Hamlet, a universal story???

I’m still digesting the “Inclusive Reviewing” trio of articles that ran on Strange Horizons on March 24th. Once again, they are:

In the third, Samuel R. Delany mentioned a text I’d never read before, Shakespeare in the Bush. Delany wrote:

I would hope here, however, all of us have read anthropologist Laura Bohanan’s essay “Shakespeare in the Bush,” which is her account of several West African tribal elders critiquing—and correcting—her account of Hamlet over a rainy summer. It’s widely available on the Internet and very funny. It’s insight grows out of our ethnocentric cultural relativism that lets most readers see what we become as soon as we attempt to interpret works from any other culture—even works from different parts of our own. Regularly I have used it as a teaching text, and my graduate students who are unfamiliar with it up till then often take it on for use in their own classes.

In this text, an anthropologist begins with the ethnocentric assumption that the story of Hamlet would be universal, and that despite minor cultural differences, she could tell it and have its essence understood. Here’s where she started:

I protested that human nature is pretty much the same the whole world over; at least the general plot and motivation of the greater tragedies would always be clear—everywhere—although some details of custom might have to be explained and difficulties of translation might produce other slight changes. To end an argument we could not conclude, my friend gave me a copy of Hamlet to study in the African bush: it would, he hoped, lift my mind above its primitive surroundings, and possibly I might, by prolonged meditation, achieve the grace of correct interpretation.

The rest of the story proves her to be massively wrong — and hilariously so.

But I was amused by the very first assumption: that the plot and motivation of great tragedies like Hamlet are clear even to us.

Hamlet is completely mystifying!!!

First, it isn’t possible to say definitively whether Hamlet was insane, or simply a brilliant actor.

Second, so much of the language is inaccessible to us today that we miss key aspects of the play, such as its considerable lewdness.

Third, the world we live in now is nothing like Shakespeare’s England. Politics, money, and love all have different rules. We might think we know what those rules are, but all we’re really doing is taking our current morals and ethics and applying them to a past that used different ones.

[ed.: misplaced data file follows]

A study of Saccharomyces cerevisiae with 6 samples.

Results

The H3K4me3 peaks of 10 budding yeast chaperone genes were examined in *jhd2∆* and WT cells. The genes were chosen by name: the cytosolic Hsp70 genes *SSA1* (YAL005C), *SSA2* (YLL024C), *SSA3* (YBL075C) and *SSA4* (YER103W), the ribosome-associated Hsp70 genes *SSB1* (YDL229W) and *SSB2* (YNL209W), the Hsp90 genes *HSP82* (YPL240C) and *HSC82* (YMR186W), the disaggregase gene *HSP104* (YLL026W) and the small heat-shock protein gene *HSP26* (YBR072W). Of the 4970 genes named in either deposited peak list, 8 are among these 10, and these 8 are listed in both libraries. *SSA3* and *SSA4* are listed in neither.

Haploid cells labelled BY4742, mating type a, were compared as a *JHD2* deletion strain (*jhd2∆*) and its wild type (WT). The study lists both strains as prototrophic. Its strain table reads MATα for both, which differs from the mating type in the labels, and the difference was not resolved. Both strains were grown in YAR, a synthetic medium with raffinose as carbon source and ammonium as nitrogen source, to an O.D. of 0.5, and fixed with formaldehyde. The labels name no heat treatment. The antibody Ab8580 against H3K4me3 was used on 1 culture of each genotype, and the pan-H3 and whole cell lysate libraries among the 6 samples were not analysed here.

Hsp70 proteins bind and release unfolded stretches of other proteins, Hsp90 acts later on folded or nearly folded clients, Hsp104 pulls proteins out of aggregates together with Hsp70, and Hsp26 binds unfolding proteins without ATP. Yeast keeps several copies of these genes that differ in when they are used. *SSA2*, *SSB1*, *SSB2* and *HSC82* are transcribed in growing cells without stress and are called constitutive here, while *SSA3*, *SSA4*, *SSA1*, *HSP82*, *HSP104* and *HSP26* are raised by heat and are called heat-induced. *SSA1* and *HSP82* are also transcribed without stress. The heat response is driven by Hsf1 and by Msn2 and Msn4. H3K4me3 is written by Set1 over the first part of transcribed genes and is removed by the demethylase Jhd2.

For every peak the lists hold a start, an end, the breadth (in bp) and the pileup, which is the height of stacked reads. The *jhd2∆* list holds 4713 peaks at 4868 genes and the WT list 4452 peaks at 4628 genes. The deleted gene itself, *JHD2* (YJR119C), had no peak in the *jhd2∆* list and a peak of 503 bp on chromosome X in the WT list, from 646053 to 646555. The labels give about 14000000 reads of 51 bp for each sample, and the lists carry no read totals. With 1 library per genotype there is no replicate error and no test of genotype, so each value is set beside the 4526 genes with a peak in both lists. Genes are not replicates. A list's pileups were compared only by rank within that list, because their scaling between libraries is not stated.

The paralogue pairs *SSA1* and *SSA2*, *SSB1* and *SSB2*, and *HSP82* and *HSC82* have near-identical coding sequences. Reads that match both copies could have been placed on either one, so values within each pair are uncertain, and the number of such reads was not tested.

I love Hamlet (despite Ophelia’s sucky fate). It’s my favorite Shakespeare play, even more so than his fabulous comedies. It’s partly because I watched the Mel Gibson version in 1990, and Mel Gibson was hot. It’s also partly because insanity fascinates me. It’s also because every time I watch it, the story is different.

The Mel Gibson version was especially exciting at the time, because it reinterpreted the character. So imagine my delight when the Royal Shakespeare Company came out with a version of Hamlet in 2009 starring the guy who played the Doctor in Doctor Who. David Tennant is hot. I was expecting stage magic. I was expecting it to be as fun as Mel Gibson was to my twenty-year-old self, because obviously, from my recollection, Mel Gibson must have played the definitive Hamlet.

Stage magic I got, but this Hamlet was a different guy. Not at all romantic. The story was a different story altogether. There are only twenty years between Mel Gibson and David Tennant, but our society has changed considerably, and so has Hamlet. All the pompous earnestness is out, and all the sexuality is in. For instance, the fair Ophelia (Mariah Gail) holds up a pack of condoms as she complains to Laertes about the unfairness of the sexual double standard.

As for Hamlet’s righteous anger at his mother for marrying his uncle? It goes from justified to creepy in the flash of an eye. Here are two short youtube videos, showing Mel Gibson and David Tennant, respectively.

“A Bloody Deed,” with Mel Gibson.

“A Bloody Deed,” with David Tennant. TRIGGER WARNING.

Hamlet is not a universal story. But it is, perhaps, a mirror — an opening for us to view our own ethnocentric assumptions.